It has only been six months and the Peter Mutharika presidency appears to be heading south already—before it has even settled.
The administration is choking under the weight of scandals, gross incompetence and a shocking inability to lead.
The list of missteps and ineptness is getting longer every day. I will just sight a few.
There is no question whatsoever that it was a bone-headed decision for Mutharika’s wife, First Lady Gertrude, to squeeze HIV money from the National Aids Commission (NAC) to fatten her Beautify Malawi sanitation initiative that has nothing to do with the HIV and Aids pandemic.
I mean, NAC is fast running out of money to help sick people. It is, therefore, immoral for anyone to grab cash from it, especially when the funds will be used for objectives that are not in line with the commission’s mission.
Even if NAC were to claim that it hoped to achieve some public relations objectives, which is questionable, spending K5 million on Beam’s launch for a few seconds of mention or visibility is not a very clever or cost-effective way of using fast dwindling resources.
It just does not make sense and I agree that the money must be returned.
To make matters worse, the public relations work from State House handlers on this matter has been so disastrous that you wonder what those folks with lofty titles and equally lofty laziness are being paid for.
And what were the National Intelligence Bureau and Muhlakho wa Alhomwe thinking when they dipped their dirty little fingers in the depleting NAC jar?
What’s more, all these three bodies are closely associated with the President, what does this say about Mutharika?
The very fact that the President has remained mute about the matter says volumes and the signals his silence is sending are also clear: He condones what happened. Otherwise, he would have ordered these folks to return the money, publicly rebuke them and distanced himself from the subterfuge.
Then there is the issue of a President dressed in Santa regalia and dishing out K50 000 visions to journalists right within the precincts of the presidential palace—the very symbol of power and moral leadership. The outcome was a mess and the fallout, again, handled without a clue.
The message was clear and damaging: The President is bribing journalists to silence them by buying their souls.
The fallout from that drama has damaged the Mutharika presidency in ways that maybe more far-reaching than he and his advisors might think.
Meanwhile, Blantyre, the commercial city is drying up with no water and consumers are spoiling for demonstrations to force Blantyre Water Board (BWB) to improve water supply. There is growing anger for the administration.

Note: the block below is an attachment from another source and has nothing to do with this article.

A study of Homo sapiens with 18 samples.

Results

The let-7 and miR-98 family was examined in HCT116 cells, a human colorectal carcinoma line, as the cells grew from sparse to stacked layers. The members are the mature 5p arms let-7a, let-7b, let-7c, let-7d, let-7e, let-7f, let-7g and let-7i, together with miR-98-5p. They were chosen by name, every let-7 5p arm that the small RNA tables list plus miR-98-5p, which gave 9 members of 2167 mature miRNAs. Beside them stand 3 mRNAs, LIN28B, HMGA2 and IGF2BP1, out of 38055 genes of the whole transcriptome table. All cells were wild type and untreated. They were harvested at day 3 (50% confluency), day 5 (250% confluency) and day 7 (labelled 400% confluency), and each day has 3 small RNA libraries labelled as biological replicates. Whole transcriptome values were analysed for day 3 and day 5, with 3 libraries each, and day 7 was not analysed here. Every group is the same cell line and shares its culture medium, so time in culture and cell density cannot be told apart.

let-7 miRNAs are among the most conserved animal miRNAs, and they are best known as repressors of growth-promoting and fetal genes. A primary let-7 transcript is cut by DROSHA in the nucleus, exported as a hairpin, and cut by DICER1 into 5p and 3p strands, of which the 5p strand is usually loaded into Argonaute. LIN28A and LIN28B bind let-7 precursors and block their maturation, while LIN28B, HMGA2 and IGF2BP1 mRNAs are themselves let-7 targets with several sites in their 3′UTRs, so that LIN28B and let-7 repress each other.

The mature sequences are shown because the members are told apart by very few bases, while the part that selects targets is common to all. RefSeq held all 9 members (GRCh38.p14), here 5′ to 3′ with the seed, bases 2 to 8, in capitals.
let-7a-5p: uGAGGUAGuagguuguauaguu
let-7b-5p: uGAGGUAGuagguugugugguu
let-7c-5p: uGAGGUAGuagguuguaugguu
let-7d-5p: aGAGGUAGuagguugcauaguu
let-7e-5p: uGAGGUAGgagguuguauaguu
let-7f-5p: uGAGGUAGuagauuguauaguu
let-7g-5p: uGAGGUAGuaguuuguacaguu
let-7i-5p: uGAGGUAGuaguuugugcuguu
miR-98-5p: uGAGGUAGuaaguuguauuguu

What’s more, one arm of government—the Judiciary—has been paralysed by a strike, meaning that only two-thirds of the government is operational at the moment.
Indications are that another arm—Parliament—could follow suit after the National Assembly employees this week rejected a salary hike they consider too small.
Should it come to that, it means that two important arms of government will not be taking part in the governance of the country, leaving just the Executive to make all the decisions.
In other words, only one third of what is called government will be functional. If this is not a constitutional crisis, then I do not know what is.
To make matters worse, even some parts of the Executive have also threatened to stop functioning over the same pay issues.
For example, the Anti-Corruption Bureau (ACB)—one of the country’s most important governance institutions—may also be paralysed next week if its employees go on strike as per their seven-day notice.
As things stand now, it looks like the matter may not be resolved soon given the weight of their demands and the fiscal crisis at Capital Hill.
There is also trouble at the University of Malawi.
At the rate things are going, this country will become ungovernable. If that happens, will the President remain in hiding as seems to be the case at the moment?
I mean, I know that Mutharika is not very strong in the leadership department and I have made it clear before in this column based on his behaviour as a Cabinet Minister in his brother Bingu wa Mutharika’s administration.
But I did not know that even Peter could be this bad, this uninvolved; this clueless and this out-of-touch with what is going around him.
Make no mistake—things are falling apart for Peter Mutharika and it will not be easy to put them back together, if ever, if he keeps snoring in the middle of a storm.